As a serious and roughly speaking heterosexual member of the male race, I’m more than happy to buy jewellery for my wives and mistresses but, for some reason, I have never been tempted by jewellery for myself, which explains why my hands are ring-free zones and my ear lobes, navel and tongue are all un-pierced.
For decades now I have known, as an article of faith, that real men don’t wear jewellery. But recently, on the road to Damascus (well, Bond Street actually) I realised that I was stupid and wrong and pig-headed. It all happened when I found myself passing the Patek Philippe emporium. I looked in the window and saw something which made me vibrate at a very high frequency. To the other passers-by this must have looked like just another boring old wristwatch. But to me it was the stuff of dreams.
What had caused this unscheduled stop was a simple, small, silver-coloured (platinum) watch with a plain dial consisting of black numbers on a white background. The only oddity about this watch was that the crown (or winder as most of us would call it) had a small button protruding from it. I was looking at one of the rarest and most desirable watches made on this planet today. It is called a Patek 5959 and consists of a rattrapante chronograph, which means it can time two events simultaneously. Unlike most of todays fashionable chronographs, which are big enough to be seen from Mars and heavy enough to ballast a yacht, the 5959 is so small and so discreet it could easily be worn by an undernourished undertaker.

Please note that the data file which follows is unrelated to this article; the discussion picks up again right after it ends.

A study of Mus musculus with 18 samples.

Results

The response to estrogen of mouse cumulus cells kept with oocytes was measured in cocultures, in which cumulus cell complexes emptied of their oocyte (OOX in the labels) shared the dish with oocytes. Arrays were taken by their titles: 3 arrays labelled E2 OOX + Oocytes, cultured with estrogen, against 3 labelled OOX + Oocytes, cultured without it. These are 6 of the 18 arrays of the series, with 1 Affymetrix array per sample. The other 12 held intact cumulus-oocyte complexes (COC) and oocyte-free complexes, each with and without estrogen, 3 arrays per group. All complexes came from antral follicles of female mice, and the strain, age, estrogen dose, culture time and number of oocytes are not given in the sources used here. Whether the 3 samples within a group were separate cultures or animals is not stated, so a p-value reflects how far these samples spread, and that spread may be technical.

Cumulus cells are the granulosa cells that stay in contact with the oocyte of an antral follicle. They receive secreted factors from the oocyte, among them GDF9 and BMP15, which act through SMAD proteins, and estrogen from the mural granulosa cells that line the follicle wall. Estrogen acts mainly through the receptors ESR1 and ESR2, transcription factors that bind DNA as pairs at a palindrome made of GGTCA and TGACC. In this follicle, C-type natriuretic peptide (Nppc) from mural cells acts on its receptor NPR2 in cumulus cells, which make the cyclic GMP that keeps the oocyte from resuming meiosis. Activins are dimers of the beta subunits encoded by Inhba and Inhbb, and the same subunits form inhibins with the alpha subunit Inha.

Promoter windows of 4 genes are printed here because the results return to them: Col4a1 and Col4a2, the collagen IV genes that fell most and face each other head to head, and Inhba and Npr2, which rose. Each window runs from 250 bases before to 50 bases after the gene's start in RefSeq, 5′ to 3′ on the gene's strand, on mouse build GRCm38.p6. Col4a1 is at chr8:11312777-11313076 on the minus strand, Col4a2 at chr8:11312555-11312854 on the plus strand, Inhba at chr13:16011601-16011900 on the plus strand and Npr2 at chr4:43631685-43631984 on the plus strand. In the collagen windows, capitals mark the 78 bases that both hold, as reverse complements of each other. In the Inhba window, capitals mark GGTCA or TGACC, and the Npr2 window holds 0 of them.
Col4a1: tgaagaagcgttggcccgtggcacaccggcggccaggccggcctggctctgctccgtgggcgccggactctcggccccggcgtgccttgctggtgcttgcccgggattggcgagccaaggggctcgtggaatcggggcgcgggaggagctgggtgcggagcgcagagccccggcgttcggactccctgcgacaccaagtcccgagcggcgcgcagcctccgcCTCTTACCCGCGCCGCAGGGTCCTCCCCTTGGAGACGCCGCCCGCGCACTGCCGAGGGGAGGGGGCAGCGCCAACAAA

As I stood there trying not to salivate, I realised I was looking at the most exquisitely perfect example of male jewellery. You can keep your signet rings, your cufflinks and your tiepins. Ill just wear the watch of my dreams. To the rest of the world it will look like a stainless steel nothing. They’ll never know it cost me a quarter of a million pounds.